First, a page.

TSX Down by Finish

Iamgold Punished, Likewise Agnico

Stocks in Canada’s largest centre struggled to within a few points of breakeven, having struggled all day to get above water, after several days of strong gains.

The S&P/TSX Composite Index ended Thursday down 30.38 points to 16,000.86

The Canadian dollar dropped 0.29 cents at 75.63 cents U.S.

Among gold plays, Iamgold fell 27 cents, or 5.4%, to $4.67, while Hudbay Minerals lost 25 cents, or 2.9%, to $8.30.

In the energy sector, Suncor stepped back 19 cents to $$45.05, while Canadian Natural Resources gave back 37 cents, or 1%, to $36.90.

Among materials, Agnico Eagle Mines lopped off 60 cents, or 1%, to $57.04, while Domtar dipped 17 cents to $70.40.

Real-estate holdings co-led the small crop of gaining subgroups, Colliers International Group took on three cents to $91.72.

In communications, Rogers improved 43 cents to $73.07, while BCE claimed 18 cents to $57.86.

In the industrial sector, Air Canada vaulted 35 cents, or 1.1%, to $33.24, while Canadian National Railway advanced 39 cents to $113.78.

The federal government will unveil its budget for the 2019/20 fiscal year on March 19 and outline ways to provide more access to prescription drugs, Finance Minister Bill Morneau said on Wednesday

On the economic calendar, Statistics Canada said in December, 446,300 people received regular Employment Insurance benefits, up 4,600 or 1.0% from November.

The agency also said wholesale trade rose 0.3% to $63.1 billion in December following a 1.1% decline in November. In volume terms, wholesale sales increased 0.3%.


The TSX Venture Exchange eased 0.72 points to 621.61.

Seven of the 12 TSX subgroups finished the day in the red, as gold lost 0.9%, energy wavered 0.8%, and materials weakened 0.7%

The five gainers were co-led by communications and real-estate, each up 0.2%, while industrials inched up 0.1%.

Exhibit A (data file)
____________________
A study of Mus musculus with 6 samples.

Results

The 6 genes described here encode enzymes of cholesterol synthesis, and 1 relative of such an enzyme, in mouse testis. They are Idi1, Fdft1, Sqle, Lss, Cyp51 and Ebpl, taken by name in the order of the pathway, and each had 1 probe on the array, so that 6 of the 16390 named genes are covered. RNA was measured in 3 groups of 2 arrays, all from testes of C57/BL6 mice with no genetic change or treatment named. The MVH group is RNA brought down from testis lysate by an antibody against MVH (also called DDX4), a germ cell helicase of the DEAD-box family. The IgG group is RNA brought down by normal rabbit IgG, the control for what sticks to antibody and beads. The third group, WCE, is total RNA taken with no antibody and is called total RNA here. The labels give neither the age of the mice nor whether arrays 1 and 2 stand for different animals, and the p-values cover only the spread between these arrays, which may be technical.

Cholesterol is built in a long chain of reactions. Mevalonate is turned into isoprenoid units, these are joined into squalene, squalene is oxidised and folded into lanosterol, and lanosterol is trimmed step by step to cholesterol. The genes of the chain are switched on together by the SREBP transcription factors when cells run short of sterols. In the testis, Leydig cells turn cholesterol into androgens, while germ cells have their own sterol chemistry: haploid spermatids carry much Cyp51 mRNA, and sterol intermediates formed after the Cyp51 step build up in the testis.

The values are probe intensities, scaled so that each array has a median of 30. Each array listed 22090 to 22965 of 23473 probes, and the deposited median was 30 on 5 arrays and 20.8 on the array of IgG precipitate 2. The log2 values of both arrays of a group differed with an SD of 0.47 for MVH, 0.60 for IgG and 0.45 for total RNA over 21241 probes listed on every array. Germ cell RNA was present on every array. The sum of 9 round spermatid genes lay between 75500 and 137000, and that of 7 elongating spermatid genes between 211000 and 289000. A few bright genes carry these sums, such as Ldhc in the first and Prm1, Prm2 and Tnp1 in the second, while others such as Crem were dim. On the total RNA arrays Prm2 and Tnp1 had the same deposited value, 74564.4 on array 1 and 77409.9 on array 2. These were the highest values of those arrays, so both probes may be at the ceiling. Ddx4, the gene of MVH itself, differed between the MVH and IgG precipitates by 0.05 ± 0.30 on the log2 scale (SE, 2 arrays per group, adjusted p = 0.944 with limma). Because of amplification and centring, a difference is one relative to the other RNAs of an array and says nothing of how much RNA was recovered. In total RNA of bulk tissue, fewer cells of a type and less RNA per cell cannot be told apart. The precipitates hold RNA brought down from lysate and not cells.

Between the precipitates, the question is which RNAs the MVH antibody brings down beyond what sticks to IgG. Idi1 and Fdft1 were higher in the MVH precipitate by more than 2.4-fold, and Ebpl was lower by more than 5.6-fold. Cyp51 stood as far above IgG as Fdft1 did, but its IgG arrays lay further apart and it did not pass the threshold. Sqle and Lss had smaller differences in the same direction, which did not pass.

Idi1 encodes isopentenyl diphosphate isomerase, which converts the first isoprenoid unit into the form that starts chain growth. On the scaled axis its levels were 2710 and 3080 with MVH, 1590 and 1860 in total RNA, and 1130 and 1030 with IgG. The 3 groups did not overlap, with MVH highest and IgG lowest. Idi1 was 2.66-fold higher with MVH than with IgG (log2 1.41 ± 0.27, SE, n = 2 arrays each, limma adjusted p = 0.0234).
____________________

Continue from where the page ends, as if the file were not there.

Stocks fell on Thursday following the release of lackluster U.S. economic data and amid ongoing trade discussions between the Trump administration and its Chinese counterparts.

The Dow Jones Industrials dropped 103.81 points to 25,850.63, as Walgreens Boots Alliance lagged.

The S&P 500 wilted 9.82 points to 2,774.88, led lower by the energy and health-care sectors

The NASDAQ Composite swooned 29.36 points to 7,459.71, breaking its win streak at eight consecutive sessions.

Nike shares fell 1% after star Duke University basketball player Zion Williamson broke his shoe at the start of a highly anticipated game. The break led to Williamson hurting his knee.

Durable goods orders for December, meanwhile, rose 1.2%, the Commerce Department said. The department also said core capital goods orders fell 0.7%, while economists expected a gain of 0.2%.

IHS Markit also said its U.S. manufacturing purchasing managers' index fell to 53.7 in February, a 17-month low, from 54.9 last month.

Meanwhile, the Conference Board's leading economic index fell for the second straight month in January, marking the index's first back-to-back pullback since early 2016.

The data releases come a day after the Federal Reserve released the minutes from its January meeting. The minutes highlighted downside risks to the U.S. economy, including "a rapid waning of fiscal policy stimulus, or a further tightening of financial market conditions."

However, the Fed also hinted it may end its balance-sheet normalization process faster than expected. This would be positive for equity investors, as many see the reduction of the balance sheet as a form of tighter monetary policy.

Prices for the benchmark 10-year U.S. Treasury slid, raising yields to 2.69% from Wednesday’s 2.65%. Treasury prices and yields move in opposite directions.

Oil prices doffed 31 cents to $56.85 U.S. a barrel.

Gold prices fell $21.80 to $1,326.10 U.S. an ounce.